Later this evening, I’m going to be handing the far-too-heavy and frankly-dangerous Balles Prize in Critical Thinking to Maria Konnikova, the New Yorker writer and author of books including The Confidence Game and an upcoming book on poker. (She tells me not to worry about the weight of the award, she does yoga.)
I mention this here because at the top of her presentation, Konnikova asked the audience whether we feel that we are “lucky.” A good chunk of folks raised their hands to say yes, they’re lucky, by far the most indicated that they do not believe themselves to be lucky or unlucky (they’re skeptics, after all), and when she asked who thinks they are unlucky, I was (as far as I could tell) the lone hand to pop up, and rather enthusiastically.
(I should clarify. This is my shtick. I’m actually astoundingly lucky in countless ways, but I kind of do this Charlie Brown-esque everything’s-terrible thing as part of my persona and various pathologies. So it was mostly performative.)
“You and I will need to talk, sir,” Konnikova said to me from the stage with a wry smile, not knowing at the time that I would be her award presenter. Because I’m human, I found this charming collection of interactions, within this context, to be, well, what…lucky? Something like that.
Which of course it wasn’t, not in the sense of some mystical force called “luck” ensuring that I had a somewhat humorously ironic connection with Konnikova. It was just a thing that happened.
Here’s what’s really lucky. “Out of all the potential people that could have been born, you were born,” she told us. “You are here. And that is awesome.” It’s not mystical, but it is kind of a big deal.
It’s a big deal and it was out of our control, so whatever “luck” brought us into being evaporated as soon as we began existence. But in other aspects of our lives, we operate under the illusion of control, which Konnikova exemplified by citing a study involving coin-flip predictions, where subjects really believed that they could “practice” and “get better” at guessing heads or tails. Which is of course nonsense. And yet it feels real to people.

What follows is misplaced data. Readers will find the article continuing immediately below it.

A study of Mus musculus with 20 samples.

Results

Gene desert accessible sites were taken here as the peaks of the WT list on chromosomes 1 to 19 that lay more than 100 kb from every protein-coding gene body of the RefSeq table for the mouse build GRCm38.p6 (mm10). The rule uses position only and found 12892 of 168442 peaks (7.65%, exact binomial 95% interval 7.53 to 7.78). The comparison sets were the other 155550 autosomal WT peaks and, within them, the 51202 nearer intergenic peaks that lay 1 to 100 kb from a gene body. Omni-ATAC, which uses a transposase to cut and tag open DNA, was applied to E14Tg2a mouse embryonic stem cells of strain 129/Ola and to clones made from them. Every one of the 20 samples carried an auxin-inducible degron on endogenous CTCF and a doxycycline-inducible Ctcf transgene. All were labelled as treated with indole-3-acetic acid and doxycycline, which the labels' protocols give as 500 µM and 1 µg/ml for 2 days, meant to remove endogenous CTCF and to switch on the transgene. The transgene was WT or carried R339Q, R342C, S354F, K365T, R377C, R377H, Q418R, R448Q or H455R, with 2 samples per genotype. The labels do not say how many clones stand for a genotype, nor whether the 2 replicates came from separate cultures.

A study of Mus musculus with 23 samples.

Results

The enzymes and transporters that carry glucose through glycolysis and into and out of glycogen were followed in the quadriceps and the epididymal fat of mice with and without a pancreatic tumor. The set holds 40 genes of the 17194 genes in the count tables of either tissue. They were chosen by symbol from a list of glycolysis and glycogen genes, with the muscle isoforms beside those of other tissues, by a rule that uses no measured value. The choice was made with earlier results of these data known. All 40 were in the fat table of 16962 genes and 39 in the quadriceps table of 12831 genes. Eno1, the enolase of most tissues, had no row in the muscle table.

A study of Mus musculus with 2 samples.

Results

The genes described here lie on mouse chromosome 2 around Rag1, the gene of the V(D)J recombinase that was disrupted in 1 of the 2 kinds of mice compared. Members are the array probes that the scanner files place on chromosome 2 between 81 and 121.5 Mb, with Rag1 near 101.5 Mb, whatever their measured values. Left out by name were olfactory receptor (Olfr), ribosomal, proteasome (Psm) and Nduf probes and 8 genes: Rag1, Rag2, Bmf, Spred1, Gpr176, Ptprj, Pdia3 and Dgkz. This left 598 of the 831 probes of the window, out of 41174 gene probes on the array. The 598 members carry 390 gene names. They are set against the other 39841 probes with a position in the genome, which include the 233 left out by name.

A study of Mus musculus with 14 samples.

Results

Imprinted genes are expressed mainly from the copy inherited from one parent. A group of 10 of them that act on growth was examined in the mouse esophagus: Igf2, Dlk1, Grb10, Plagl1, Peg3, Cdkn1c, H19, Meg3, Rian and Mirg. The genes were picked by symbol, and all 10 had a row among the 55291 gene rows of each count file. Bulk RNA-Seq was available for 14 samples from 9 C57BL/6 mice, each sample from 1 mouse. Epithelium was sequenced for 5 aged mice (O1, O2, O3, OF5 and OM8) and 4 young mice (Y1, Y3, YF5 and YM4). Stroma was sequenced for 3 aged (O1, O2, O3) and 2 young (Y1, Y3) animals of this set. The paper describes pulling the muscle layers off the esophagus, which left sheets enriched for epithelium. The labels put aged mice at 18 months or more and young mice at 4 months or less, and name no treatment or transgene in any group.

This manifests in the gambling world, in which Konnikova has spent a year of her life to research her new book, in two key falacies: One is the Gambler’s Fallacy, where people believe that some outcome of a game of chance is “due” to occur for whatever reason, which of course it isn’t. The other is the Hot Hand Fallacy, where a player or a team will believe they have some injection of luck pushing them through a string of successes. That one’s more complicated.
But, Konnikova says that generally, “Chance is random, it really doesn’t care what’s already happened. At all.” The Hot Hand Fallacy only shows little signs of validity because of psychology. In a competitive sport, greater confidence can improve a player’s performance or maybe intimidate the opponent, increasing the chances for additional success.
What’s the lesson of all this? Just sneer at folks who believe in luck? Hell no. “Shit happens,” Konnikova says, and it’s something we need to just accept. We need to embrace the confidence and happiness we get when good shit happens, and acknowledge that bad shit will also happen, and simply make the most of all of it.
“Thinking about luck in this way will make us better players at life,” she said.
Okay, okay. I’ll try.
You can watch Konnikova’s presentation at last year’s CSICon here at CFI’s Reasonable Talk.